This morning’s attempt to read some news articles and blog posts with my morning coffee has been exceedingly frustrating. I’ve given up and will type a rant instead.
I’m still pining for the days of Google Reader, the news aggregator that did what I wanted and displayed nonintrusive ads. I haven’t been happy with alternatives that have either have a more “magazine like” presentation, continue to add more features, or display duplicate banner ads larger than the material I want to read. I really need little more than a list of headlines that I can look at with as little distraction as possible.
As I try to read news on a newsreader site some posts display only headlines or a portion so that you have to go to the site. I understand the need to get visitors to your site as a means of revenue for commercial journalism, but much of what I read is put out by non-profit ministries without any external ads.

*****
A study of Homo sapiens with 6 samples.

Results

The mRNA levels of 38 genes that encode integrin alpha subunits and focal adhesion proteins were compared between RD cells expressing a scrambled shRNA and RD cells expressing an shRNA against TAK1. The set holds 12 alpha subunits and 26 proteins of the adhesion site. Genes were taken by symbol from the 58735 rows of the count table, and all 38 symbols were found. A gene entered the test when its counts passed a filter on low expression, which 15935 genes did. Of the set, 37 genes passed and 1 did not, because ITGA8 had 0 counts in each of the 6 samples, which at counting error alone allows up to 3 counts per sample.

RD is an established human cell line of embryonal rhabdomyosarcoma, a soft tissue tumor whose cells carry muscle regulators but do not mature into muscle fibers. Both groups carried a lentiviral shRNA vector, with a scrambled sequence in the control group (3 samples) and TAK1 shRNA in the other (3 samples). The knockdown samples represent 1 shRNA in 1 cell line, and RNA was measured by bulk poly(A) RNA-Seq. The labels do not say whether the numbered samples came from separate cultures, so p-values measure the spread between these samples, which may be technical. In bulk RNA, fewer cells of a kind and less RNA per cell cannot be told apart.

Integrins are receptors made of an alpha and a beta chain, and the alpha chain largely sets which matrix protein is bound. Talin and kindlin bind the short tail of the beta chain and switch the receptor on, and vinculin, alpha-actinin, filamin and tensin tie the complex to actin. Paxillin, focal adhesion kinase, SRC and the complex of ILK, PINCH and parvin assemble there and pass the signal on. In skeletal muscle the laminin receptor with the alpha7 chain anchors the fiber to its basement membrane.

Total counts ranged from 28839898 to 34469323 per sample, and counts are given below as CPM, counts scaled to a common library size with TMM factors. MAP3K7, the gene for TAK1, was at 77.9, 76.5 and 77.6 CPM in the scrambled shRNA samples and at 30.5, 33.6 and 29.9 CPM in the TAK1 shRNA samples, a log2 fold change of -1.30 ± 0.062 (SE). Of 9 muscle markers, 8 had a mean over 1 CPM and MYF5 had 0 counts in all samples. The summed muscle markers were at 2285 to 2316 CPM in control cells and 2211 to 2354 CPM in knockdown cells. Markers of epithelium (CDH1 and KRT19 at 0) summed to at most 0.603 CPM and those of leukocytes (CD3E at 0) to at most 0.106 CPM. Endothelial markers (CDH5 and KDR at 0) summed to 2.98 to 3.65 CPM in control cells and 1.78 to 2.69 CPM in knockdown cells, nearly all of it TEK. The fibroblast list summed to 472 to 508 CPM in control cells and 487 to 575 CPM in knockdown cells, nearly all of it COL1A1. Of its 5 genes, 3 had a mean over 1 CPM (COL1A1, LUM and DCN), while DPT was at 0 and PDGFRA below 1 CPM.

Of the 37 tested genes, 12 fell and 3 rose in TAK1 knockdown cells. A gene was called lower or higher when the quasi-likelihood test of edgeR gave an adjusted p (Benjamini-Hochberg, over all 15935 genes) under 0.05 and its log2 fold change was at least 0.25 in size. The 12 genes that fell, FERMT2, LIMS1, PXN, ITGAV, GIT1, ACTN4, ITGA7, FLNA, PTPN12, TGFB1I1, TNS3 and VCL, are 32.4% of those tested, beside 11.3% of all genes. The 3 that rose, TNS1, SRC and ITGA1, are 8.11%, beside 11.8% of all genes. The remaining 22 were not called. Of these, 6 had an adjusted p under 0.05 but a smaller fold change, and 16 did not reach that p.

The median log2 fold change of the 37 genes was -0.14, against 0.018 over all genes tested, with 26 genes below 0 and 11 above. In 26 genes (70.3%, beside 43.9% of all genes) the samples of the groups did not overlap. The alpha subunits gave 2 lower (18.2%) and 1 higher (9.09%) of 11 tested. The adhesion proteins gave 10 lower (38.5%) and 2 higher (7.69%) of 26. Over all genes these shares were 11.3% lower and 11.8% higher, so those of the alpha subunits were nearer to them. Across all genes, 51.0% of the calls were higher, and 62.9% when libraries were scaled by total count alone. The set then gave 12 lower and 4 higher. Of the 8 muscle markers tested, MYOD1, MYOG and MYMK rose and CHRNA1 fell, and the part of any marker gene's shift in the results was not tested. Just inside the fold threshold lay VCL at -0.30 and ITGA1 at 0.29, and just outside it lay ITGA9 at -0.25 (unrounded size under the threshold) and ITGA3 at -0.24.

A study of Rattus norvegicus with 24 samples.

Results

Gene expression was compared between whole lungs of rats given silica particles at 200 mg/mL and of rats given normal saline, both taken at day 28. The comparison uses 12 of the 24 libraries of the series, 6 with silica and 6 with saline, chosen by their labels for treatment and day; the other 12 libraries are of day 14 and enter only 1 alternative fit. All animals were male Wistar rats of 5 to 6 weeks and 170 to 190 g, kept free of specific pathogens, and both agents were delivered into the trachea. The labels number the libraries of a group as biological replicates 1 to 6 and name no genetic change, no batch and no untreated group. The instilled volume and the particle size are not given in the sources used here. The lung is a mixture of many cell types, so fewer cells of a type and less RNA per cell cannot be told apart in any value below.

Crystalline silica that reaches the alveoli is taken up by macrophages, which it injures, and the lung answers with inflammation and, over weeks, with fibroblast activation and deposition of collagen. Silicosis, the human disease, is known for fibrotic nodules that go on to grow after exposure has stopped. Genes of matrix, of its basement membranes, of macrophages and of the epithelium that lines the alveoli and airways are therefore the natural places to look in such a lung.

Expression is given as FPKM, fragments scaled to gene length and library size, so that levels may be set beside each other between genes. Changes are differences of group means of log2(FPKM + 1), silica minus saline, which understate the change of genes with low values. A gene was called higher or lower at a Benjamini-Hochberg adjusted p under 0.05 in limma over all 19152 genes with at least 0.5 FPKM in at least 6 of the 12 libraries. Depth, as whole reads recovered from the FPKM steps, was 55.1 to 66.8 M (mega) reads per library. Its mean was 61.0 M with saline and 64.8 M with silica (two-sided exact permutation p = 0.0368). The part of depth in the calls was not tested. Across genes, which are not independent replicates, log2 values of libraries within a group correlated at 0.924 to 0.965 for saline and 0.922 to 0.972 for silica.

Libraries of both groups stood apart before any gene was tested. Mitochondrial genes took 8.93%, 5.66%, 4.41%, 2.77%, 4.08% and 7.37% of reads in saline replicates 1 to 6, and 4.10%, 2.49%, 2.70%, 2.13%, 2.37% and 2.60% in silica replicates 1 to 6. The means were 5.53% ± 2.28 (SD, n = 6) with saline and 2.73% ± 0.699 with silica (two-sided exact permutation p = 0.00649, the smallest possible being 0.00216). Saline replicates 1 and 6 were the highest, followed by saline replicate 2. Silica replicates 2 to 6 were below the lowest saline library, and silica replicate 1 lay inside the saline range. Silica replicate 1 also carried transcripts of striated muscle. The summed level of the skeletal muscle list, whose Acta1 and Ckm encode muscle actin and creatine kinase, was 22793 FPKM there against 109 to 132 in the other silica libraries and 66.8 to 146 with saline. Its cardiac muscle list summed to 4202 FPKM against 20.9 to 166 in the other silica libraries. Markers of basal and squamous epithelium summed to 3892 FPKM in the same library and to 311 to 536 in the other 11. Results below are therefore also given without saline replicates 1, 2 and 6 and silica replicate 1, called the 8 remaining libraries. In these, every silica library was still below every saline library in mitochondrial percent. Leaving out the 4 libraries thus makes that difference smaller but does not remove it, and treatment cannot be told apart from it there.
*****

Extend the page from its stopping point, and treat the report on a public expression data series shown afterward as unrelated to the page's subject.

Ads, by the way, have gotten to be way out of control. I understand the need for revenue, but it seems like there should be some sense of proportionality to the context. If I watch a video on YouTube, a video commercial at the beginning seems appropriate. Listening to a brief interruption on Spotify also seems to fit the context. Reading requires some measure of concentration, and to go to a site and begin reading an article only to have my attention hijacked by a video car commercial playing in the margin tells me the site owners don’t value their content enough to let me read it. By the time I find the video to pause it I usually conclude that the point of the site isn’t to give me information, but to present advertisements.
More and more sites I go to cover the screen with a weasel worded email signup forms. These are particularly frustrating when they continue to show up on every visit – even if you have signed up. And once I’m past the sign up form there are the ubiquitous social media sharing plugins that cover portions of text so that reading a page requires strategical scrolling to get around Facebook, Twitter, Pinterest logos.
Based on the current state of the internet information doesn’t want be free, it wants to be caged behind sign in forms, ill thought out design, and obnoxious advertisements. And judging from the amount of “fake news”, assertions without arguments, and opinions presented as facts, it doesn’t want to be information.